CFTC report: Climate change poses serious risk to financial system

The nearly three dozen members of the task force convened by CFTC Commissioner Rostin Benham include officials from U.S. banks, asset managers, academia and environmental groups. The report’s findings are non-binding but are intended to shape the regulator’s understanding of how climate change could strain markets.

The report says regulators should be concerned about “what we don’t know,” including how changes in the climate may drive capital flights from hard-hit companies and industries, which could “unfold in parallel, compounding the challenge.”

Such disruptions could have spillover effects on the overall financial system and lead to a “disorderly repricing of assets” with “cascading effects.”

Those same worries have propelled a number of central banks in other countries to consider climate “stress tests,” and in Europe, many companies are now reporting their climate risks.

Those types of disclosures are not required in the U.S., though many investors have increasingly urged U.S. regulators to follow suit. Companies like BlackRock, the world’s largest asset manager, say they see climate change as a clear systemic financial risk, while banks like Morgan Stanley, Citi and Bank of America have agreed to tally the greenhouse gas emissions financed by their lending portfolios.

The report said an economy-wide carbon price is needed to “channel resources efficiently,” though the authors acknowledged that implementing such a policy falls to Congress, where efforts to impose a fee for carbon emissions have been stymied.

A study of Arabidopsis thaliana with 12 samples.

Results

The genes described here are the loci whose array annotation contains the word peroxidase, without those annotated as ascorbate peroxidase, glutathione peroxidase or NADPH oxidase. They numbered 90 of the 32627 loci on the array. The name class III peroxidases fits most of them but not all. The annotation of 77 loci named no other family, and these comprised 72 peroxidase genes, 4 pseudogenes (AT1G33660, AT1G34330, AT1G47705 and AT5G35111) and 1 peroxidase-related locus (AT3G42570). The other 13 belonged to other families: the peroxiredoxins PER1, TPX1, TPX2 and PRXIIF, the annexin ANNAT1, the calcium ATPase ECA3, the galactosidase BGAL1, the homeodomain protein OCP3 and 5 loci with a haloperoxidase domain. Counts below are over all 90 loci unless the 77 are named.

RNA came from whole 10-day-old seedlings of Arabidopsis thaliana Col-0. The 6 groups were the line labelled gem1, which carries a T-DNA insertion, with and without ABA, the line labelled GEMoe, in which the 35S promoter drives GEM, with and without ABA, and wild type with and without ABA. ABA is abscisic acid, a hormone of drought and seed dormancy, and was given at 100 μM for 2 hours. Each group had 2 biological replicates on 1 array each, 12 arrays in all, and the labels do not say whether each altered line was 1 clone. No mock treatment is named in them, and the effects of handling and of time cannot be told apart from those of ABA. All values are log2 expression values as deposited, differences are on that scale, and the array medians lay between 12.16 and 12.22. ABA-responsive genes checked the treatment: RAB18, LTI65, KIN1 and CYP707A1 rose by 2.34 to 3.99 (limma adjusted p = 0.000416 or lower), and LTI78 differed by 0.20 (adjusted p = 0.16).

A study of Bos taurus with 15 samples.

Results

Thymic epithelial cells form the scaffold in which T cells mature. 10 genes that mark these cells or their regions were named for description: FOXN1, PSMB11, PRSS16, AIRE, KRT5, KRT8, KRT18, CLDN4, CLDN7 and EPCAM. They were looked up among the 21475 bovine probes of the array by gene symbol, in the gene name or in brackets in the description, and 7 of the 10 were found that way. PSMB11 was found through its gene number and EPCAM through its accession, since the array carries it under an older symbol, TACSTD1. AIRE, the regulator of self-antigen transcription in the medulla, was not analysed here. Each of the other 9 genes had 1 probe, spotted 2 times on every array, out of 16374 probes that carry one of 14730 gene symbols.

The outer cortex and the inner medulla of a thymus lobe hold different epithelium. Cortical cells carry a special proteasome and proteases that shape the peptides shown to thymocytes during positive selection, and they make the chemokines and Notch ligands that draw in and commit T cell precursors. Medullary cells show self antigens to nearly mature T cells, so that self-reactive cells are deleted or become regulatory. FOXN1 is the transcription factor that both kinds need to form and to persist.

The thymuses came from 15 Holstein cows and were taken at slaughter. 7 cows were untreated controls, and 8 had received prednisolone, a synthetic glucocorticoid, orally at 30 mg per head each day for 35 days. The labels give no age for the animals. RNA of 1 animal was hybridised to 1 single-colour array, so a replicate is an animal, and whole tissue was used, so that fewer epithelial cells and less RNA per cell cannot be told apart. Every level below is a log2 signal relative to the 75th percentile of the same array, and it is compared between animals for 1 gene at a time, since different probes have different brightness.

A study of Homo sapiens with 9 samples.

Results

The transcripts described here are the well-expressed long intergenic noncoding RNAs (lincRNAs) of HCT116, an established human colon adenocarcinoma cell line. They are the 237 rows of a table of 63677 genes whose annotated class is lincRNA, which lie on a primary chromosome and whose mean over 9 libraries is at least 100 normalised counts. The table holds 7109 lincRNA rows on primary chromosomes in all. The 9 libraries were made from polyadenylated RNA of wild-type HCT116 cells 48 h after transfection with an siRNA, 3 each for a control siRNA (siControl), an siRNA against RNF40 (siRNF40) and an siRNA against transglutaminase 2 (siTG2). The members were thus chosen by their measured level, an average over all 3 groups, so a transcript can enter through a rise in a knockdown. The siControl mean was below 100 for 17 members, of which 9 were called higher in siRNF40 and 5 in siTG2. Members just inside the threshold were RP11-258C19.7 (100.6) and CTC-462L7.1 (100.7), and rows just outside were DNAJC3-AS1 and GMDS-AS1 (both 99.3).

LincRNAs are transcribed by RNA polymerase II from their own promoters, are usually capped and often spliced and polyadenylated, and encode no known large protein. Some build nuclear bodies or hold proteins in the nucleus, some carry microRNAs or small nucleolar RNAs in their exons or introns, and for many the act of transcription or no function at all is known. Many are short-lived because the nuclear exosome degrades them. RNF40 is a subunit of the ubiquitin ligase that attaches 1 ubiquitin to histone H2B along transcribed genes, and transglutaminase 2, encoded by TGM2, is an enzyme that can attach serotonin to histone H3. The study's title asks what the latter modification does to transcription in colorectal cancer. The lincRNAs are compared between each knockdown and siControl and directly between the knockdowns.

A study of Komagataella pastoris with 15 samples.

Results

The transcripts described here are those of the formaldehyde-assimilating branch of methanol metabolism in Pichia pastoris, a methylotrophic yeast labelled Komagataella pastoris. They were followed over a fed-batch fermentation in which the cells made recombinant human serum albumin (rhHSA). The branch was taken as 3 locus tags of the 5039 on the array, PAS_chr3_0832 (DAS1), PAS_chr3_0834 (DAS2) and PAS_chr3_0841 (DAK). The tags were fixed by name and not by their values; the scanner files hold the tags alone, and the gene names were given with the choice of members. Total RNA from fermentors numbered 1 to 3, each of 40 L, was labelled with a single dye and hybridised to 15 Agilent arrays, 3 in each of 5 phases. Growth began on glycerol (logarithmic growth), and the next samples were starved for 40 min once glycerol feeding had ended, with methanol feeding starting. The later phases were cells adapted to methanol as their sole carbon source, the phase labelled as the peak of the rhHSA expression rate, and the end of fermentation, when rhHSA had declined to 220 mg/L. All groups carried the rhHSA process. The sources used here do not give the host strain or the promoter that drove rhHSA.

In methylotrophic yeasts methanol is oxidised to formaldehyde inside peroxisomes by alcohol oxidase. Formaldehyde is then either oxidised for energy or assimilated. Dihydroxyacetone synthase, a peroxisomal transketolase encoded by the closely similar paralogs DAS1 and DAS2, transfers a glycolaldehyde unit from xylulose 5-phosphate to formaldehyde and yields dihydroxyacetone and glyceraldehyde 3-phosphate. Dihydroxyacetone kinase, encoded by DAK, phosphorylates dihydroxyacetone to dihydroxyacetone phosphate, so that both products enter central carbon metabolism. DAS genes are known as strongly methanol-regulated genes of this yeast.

Democrats have increasingly urged regulators to recognize climate as a threat to financial markets and they’ve called on them use existing authorities to address it.

Climate activists are planning to prod Democratic nominee Joe Biden on the issue, should he win the White House. Investor sustainability group Ceres, whose CEO Mindy Lubber served on the CFTC task force, is working with other groups to prepare a list of climate-minded candidates for financial regulator roles in a potential Biden administration, Steven Rothstein, the managing director of the Ceres Accelerator for Sustainable Capital Markets, told POLITICO in a recent interview.

Advocates of stronger regulation contend that current laws give financial regulators authority to compel market participants to disclose their financial risks, but they complain the watchdogs aren’t using those capabilities in the context of climate change, the report found. Several U.S. lawmakers, such as Sen. Elizabeth Warren (D-Mass.), have prodded the Securities and Exchange Commission to wield its existing authority to require more robust risk disclosure, which the report called an “essential building block” for managing systemic shocks.

The task force included several recommendations regulators could implement immediately without congressional action. They said the Financial Stability Oversight Council, which includes CFTC, should roll climate-related financial risks into its operations and that researchers at financial regulators should study climate risk. It also advises regulators to join intergovernmental efforts like the Network for the Greening of the Financial System, which is a set of central banks and supervisors; and calls for market overseers to develop pilot climate stress tests. It also said the CFTC should explore how climate change will affect actors under its jurisdiction, such as speculative traders and funds.

Meanwhile, data and tools to assess climate risk are still insufficient and the lack of common standards, the report said. And, even where climate risk reporting has occurred, it “has not resulted in disclosures of a scope, breadth, and quality to be sufficiently useful.”

The report suggested that since disclosure of material risks — those that an investor would need to know to make an informed decision — are required by law, climate risk disclosure should include “material risks for various time horizons.” Such information would circumvent definitions of materiality, as many companies currently do not consider climate-related risks as material given the uncertainty of when they will feel the effects acutely.